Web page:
Pros & Cons of Online Counseling
I’m still surprised by the number of people who have outdated notions about counseling. Some have no expectations while others speak of couches, non-responsive therapists, and being forced to relive the past. These stereotypes stem from public perception of psychoanalysis, a type of therapy that was founded by Sigmund Freud. While psychoanalysts still practice today, their actual practice is a lot different from popular generalizations. Surprisingly, few people know that there are dozens of different schools of thought and practice types.
One of the weaknesses of modern counseling is that it must occur face-to-face in an office setting. This requires setting aside at least an hour each week for 8-12 weeks, plus driving time, plus time between sessions for processing and “homework”. This is difficult for many people to do. Life has to get pretty bad before most people are willing to disrupt their lives enough to accommodate therapy.
But what if it didn’t have to be this way? What if seeking therapy were as simple as chatting with friends online or using Skype to catch up with loved ones? Guess what? It is!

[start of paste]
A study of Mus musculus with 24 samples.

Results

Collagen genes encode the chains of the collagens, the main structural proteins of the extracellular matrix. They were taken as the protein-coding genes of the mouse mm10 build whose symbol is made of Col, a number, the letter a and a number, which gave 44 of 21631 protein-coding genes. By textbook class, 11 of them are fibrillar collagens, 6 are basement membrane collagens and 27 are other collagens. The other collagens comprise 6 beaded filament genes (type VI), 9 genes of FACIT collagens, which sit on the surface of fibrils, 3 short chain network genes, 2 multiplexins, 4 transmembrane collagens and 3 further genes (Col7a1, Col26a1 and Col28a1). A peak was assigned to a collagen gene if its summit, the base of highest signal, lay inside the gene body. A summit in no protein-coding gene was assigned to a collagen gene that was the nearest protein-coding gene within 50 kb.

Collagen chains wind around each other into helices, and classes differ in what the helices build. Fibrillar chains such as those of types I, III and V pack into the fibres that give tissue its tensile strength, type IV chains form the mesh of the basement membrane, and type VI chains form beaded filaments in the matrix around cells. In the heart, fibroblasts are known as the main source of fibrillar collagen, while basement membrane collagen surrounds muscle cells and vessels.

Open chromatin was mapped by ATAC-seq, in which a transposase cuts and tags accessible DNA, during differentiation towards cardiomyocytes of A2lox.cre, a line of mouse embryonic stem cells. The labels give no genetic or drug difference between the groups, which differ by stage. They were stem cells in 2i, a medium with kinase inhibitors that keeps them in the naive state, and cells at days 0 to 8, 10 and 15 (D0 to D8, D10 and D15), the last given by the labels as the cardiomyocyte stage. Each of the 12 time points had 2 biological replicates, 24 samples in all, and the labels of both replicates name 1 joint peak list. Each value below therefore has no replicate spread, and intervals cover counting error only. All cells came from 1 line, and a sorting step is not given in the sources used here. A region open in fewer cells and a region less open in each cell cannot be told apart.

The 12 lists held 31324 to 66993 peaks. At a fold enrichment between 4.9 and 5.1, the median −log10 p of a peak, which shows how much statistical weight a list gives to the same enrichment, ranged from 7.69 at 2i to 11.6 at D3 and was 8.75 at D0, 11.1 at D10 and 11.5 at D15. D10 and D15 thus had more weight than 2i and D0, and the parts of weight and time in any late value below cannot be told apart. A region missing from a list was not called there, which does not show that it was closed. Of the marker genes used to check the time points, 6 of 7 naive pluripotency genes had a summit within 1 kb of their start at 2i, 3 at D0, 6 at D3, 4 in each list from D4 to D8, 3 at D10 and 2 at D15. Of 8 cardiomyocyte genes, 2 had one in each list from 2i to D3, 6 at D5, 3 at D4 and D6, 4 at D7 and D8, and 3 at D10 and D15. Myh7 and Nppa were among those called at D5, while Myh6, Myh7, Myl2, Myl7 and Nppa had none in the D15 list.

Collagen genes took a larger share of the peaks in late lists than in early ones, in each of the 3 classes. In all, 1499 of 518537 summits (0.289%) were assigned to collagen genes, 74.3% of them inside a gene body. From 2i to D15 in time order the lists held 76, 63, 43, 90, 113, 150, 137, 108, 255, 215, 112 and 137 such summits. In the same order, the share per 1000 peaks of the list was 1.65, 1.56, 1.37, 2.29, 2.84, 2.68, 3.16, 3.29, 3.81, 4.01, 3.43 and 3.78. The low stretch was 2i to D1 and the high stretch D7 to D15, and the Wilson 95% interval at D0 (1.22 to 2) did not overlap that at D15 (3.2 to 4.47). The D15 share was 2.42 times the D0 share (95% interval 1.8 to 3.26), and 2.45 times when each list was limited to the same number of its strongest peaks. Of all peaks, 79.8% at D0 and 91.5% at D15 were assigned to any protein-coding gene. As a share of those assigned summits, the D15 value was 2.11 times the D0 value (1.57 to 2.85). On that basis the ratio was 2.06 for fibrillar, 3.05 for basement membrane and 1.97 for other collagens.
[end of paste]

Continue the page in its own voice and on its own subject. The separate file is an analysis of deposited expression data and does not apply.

Therapists are a conservative, risk-averse, techno-phobic bunch. We worry about privacy, confidentiality, security, liability, risk, and safety. But as the torch is passed to a new generation of counselors, use of technology to provide services is becoming a reality. Enough forward-thinking, adventurous people have ventured online through the use of secure, private, HIPAA-compliant platforms. These platforms allow therapists and clients to connect in ways that previous generations cautioned against because there was no reliable way to ensure client privacy was protected and personal safety maintained.
As with any other form of therapy, online counseling isn’t appropriate for everyone or all situations. If you are experiencing thoughts of harming yourself or others, are actively suicidal or manic, or have significant trauma you need to work through, then online therapy is probably not the best solution for you. It is also not appropriate when working with young children or engaging in play therapy.
Questions to ask:
- Do you use a HIPAA-compliant platform? FYI – Skype is NOT HIPAA-compliant.
- What types of online access do you provide? Email? Chat? Video?
- What do you charge per session?
- Are there different fees for different services?
- What about licensing? Some states restrict clients from accessing therapy from professionals not licensed in their home state (like California). Other states specifically allow interstate therapy (Massachusetts). You may not have any formal recourse to file a complaint should your therapist not have a license to practice in your home state. When in doubt, contact your state’s Behavioral Sciences regulatory board.